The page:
Luna Martinez ’20

Hometown: Mexico City, Mexico
Education: Prescott College ‘14
Affiliations: Peer Wellness Coalition, La Raza Law Students Association, Coalition for Diversity

One of the reasons I came to Berkeley Law is because Berkeley prides itself on providing a collegial atmosphere and having a collaborative student body, in contrast to other law schools where the institution itself might foster a highly competitive environment.

Alot of us come to law school because we have a commitment to social change. But the very nature of 1L curriculum is designed to substitute any original thought and analysis with a very narrow box of what we’re supposed to be and think as lawyers. We come into class the first week not knowing how to read a case or how to put it into context. We study doctrine in the abstract and there’s hardly an opportunity to connect that doctrine with real world issues and to understand its implications to the things we are passionate about. It can be very demoralizing and lead students to feeling depressed and alienated.

My peers are proactive people who want to stand up for each other and improve the mental health and wellness of the collective student body. We found the resources available through the school to be inadequate, which unfortunately means that students have to carry the brunt of the work that the school itself is not doing. Following years of students organizing around these issues, the idea for the Peer Wellness Coalition (PWC) came up. Central campus was offering a grant for student wellness initiatives, so we submitted a proposal and were approved after a couple of months.

Following an application process, we finally selected the eight student members who will comprise the PWC, with one spot available for an incoming 1L. The group will focus on different “pillars” of wellness. The programming will focus on things like stress, anxiety, accessibility, food access, nutrition, and substance abuse. In addition, we want to offer workshops on interpersonal skills and conflict resolution in order to reduce some of the toxicity of the law school environment.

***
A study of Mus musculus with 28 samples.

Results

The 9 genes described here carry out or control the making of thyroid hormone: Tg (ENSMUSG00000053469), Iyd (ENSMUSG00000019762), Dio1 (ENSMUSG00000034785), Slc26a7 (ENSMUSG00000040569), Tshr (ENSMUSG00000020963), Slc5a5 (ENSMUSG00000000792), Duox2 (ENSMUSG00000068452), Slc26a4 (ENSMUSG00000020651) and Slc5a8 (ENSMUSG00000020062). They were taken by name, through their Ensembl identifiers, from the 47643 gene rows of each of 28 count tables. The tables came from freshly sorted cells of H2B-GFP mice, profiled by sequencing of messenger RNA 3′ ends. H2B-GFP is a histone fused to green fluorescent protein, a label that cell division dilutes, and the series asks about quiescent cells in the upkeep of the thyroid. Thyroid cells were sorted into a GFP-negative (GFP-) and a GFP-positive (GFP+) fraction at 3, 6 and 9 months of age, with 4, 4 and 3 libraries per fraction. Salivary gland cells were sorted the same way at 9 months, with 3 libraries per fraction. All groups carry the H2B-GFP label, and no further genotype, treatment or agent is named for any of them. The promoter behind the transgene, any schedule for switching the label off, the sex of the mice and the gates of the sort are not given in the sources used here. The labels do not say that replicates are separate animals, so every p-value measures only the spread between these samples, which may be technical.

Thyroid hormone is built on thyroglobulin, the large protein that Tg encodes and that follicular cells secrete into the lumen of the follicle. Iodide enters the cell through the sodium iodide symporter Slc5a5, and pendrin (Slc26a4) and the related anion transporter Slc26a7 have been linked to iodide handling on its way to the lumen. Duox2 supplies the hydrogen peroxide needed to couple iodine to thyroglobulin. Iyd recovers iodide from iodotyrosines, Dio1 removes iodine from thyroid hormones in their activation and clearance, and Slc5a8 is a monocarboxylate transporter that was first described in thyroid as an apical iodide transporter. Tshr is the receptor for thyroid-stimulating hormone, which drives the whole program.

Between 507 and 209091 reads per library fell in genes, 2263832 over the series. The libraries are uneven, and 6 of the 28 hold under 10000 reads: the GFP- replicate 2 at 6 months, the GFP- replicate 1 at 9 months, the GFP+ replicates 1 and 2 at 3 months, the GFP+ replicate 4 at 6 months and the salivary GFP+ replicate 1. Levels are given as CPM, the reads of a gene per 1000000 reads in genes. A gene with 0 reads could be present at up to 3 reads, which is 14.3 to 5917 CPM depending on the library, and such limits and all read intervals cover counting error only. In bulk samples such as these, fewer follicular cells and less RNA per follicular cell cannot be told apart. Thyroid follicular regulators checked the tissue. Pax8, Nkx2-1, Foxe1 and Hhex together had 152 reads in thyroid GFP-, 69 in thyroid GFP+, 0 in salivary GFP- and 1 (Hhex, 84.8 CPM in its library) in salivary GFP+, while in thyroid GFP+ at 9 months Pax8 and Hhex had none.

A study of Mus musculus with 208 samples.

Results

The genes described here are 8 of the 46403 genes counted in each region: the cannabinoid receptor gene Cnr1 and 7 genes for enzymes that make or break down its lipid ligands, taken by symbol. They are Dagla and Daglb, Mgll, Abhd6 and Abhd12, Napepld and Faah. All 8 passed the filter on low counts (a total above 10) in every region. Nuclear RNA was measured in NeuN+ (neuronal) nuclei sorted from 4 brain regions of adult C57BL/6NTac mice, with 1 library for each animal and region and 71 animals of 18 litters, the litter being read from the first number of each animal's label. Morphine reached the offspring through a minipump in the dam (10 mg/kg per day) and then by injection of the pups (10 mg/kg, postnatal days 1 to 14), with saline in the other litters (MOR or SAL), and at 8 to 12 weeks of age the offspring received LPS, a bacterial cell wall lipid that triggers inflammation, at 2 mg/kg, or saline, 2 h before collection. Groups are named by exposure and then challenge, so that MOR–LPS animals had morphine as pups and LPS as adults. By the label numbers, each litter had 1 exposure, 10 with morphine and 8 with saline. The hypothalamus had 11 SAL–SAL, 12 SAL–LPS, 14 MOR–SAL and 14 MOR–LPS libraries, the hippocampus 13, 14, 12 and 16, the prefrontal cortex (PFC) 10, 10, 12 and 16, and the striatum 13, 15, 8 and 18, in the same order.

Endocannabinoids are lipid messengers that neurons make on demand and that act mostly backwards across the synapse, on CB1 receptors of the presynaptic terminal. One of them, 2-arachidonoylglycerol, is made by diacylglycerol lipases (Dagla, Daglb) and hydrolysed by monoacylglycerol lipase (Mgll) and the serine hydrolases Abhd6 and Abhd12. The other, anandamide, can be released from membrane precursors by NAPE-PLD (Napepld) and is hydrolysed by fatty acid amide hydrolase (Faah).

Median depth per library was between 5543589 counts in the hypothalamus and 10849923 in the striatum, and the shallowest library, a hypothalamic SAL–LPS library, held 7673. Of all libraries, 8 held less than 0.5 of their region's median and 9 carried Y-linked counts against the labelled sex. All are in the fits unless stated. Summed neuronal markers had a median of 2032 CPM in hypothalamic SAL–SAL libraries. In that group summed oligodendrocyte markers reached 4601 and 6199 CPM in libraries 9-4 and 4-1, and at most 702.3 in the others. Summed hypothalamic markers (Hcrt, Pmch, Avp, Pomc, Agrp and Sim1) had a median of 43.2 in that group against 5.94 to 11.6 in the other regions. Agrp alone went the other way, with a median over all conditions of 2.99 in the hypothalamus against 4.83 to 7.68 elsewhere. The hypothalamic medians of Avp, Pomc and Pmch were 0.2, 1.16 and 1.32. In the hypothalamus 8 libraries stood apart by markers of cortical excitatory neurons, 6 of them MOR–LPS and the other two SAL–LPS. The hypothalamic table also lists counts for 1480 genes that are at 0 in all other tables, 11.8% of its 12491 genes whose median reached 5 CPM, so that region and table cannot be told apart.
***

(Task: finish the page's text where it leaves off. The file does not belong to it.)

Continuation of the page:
Part of our funding will also go toward helping students identify signs of distress in themselves and peers, working to destigmatize mental health, and providing resources for students to find support through central campus or by connecting them with outside counselors.

I think that just five years ago, something like this would have been impossible. We’ve come a long way toward destigmatizing the shame associated with mental health struggles in law school, and Berkeley is a good place to start changing this culture. From what I’ve seen, students are interested in seeing how they can benefit from or contribute to this project.

Our plan is to start working next semester and provide incoming students with resources before they start classes. We’d like to have a pilot slate of programming ready for the fall semester. Ultimately, the goal of the PWC is to provide evidence and data to the administration to show that this kind of support is needed and utilized, so they recognize how important it is and allocate institutional funding and resources beyond the duration of our program.